Given the scale of today’s energy challenges, Eyad Shihabi, Director, Natural Resources and Utilities, BT, shares insights on how the energy industry can find new ways to unlock valuable and unused data and drive more cost out of operations.


Today, the energy industry works against enormous technical challenges to maintain safe and profitable operations.

Energy companies also face familiar cost, performance and efficiency imperatives as well as the unprecedented social, political and regulatory demands for sustainability. All these factors combine to create a fairly volatile market.

The possibilities of untapped data

Can big data transform the efficiency of oil and gas exploration and extraction? Like so many other businesses, energy companies need to explore ways to access their growing volumes of untapped data to unlock their transformational potential.

Consider how easy it is to collect data compared to the amount which is actually used. An oil rig for example generates a huge amount of data daily from tens of thousands of sensors, but much, if not most, of that data goes unused.

Data which is not analysed and turned into actionable information represents lost opportunities to improve service, reduce waste and boost profitability throughout the supply chain. Given the scale of today’s energy challenge, if harnessed properly, this information could have major benefits for companies operating in the energy production and distribution industry, as well as for their customers and suppliers.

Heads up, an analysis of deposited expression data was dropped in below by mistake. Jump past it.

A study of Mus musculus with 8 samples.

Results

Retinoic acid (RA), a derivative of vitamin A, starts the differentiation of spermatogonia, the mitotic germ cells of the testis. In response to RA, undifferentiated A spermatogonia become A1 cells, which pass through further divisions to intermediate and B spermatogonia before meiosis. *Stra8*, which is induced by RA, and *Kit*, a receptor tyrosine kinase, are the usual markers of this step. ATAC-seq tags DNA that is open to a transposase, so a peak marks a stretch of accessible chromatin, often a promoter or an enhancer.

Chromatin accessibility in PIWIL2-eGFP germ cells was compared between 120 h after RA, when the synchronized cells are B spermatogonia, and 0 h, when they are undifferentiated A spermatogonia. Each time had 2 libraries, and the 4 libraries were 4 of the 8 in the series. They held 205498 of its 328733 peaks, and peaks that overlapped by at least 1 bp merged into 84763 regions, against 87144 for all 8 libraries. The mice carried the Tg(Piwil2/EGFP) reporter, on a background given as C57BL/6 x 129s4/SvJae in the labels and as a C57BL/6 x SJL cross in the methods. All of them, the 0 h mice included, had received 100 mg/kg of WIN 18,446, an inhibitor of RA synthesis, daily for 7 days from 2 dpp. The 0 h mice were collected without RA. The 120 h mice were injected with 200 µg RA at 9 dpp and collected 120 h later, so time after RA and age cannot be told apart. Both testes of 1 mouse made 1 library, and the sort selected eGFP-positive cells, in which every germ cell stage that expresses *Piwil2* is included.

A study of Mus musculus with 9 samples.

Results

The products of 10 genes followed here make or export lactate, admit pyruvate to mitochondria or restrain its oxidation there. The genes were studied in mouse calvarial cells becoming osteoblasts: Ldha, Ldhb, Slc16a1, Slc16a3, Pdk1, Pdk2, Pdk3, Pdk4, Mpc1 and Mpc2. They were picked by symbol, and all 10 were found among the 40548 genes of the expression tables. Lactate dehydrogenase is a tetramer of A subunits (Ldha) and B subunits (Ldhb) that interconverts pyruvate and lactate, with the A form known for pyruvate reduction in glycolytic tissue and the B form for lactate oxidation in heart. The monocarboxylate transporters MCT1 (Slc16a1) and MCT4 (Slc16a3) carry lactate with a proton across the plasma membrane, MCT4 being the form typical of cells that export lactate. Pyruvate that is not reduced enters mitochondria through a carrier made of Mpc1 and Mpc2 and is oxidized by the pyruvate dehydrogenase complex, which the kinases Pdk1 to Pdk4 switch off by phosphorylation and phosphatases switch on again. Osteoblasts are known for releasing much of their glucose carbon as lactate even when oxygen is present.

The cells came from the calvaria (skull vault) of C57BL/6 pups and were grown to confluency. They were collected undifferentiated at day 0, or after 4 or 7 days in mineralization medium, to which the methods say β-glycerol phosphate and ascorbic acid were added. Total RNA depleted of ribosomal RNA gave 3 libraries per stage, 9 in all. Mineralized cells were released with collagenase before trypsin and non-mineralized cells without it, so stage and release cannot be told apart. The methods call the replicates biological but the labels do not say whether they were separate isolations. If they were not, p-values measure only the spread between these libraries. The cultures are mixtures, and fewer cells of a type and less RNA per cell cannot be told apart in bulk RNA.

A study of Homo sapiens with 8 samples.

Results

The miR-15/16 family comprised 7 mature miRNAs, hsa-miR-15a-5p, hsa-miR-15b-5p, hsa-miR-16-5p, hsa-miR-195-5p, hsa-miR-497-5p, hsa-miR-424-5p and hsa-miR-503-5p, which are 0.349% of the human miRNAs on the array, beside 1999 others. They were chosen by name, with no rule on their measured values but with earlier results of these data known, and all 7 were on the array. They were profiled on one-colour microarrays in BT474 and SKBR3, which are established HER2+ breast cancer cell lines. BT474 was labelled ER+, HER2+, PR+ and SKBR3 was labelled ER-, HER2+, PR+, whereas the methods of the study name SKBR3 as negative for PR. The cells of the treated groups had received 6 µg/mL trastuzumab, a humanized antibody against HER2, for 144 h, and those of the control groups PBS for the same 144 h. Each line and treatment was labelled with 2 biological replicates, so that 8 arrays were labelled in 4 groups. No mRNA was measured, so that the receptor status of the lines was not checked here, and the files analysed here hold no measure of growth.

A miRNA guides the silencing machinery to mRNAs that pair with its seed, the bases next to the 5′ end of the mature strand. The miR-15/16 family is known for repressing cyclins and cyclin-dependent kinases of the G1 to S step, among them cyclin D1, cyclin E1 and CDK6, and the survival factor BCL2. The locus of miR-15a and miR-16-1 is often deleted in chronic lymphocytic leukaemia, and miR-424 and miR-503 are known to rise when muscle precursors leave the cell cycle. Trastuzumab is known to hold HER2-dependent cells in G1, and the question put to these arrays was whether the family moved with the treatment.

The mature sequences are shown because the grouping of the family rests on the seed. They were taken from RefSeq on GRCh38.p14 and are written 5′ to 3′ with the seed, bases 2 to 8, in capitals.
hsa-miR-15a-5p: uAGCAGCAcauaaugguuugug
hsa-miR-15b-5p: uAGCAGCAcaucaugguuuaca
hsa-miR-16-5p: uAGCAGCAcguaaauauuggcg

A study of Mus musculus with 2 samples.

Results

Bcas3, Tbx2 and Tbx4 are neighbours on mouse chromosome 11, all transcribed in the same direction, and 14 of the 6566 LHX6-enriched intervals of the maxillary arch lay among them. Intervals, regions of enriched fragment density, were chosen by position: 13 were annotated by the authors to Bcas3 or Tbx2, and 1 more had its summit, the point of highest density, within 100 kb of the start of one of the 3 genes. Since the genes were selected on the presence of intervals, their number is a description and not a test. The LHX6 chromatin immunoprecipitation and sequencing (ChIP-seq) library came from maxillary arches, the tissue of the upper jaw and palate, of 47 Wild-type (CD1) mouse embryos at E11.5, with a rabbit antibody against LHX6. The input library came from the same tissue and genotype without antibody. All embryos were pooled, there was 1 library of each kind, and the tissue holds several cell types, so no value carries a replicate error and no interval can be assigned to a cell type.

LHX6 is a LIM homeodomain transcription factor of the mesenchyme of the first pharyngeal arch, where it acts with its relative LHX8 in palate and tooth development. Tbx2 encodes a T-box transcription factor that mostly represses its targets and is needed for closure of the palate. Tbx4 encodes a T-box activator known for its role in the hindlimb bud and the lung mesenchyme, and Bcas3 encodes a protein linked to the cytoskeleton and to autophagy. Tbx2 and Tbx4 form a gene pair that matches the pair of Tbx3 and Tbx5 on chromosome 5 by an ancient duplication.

So, what’s preventing organisations in the energy industry from harnessing this valuable data?

The energy sector’s data processing challenges

Energy companies’ offshore and onshore operations are being set up in increasingly challenging and remote geographical locations. This means the connectivity hurdles they face are virtually unmatched. In the first half of 2019, 50% of all the newly discovered reserves were situated in deep water.

In reality, this means many new platforms are being established in places where cable or microwave connections are either impossible or too expensive to install, or where the level of on-site computing required to analyse large volumes of data cannot be maintained.

Anyone who’s ever managed an industrial process or road traffic network will be familiar with the concept of a bottleneck. In the energy industry’s case, the problem is a data bottleneck caused by insufficient broadband capacity to send large quantities of data to a processing centre with sufficient computing power.

Next generation connectivity

Fortunately, the ability to deliver real-time access to data without huge IT and network infrastructure costs and lengthy deployment times is now attainable with fast, high-throughput satellite communications.


A provider who can also offer global reach powered by SES’s proven and reliable geostationary (GEO) satellites, plus O3b MEO and O3b mPOWER middle earth orbit (MEO) constellations.

This next-generation connectivity offers low latency performance links across even the most remote locations and is providing the opportunity for the energy industry to turn previously untapped data across operations into business enhancing action.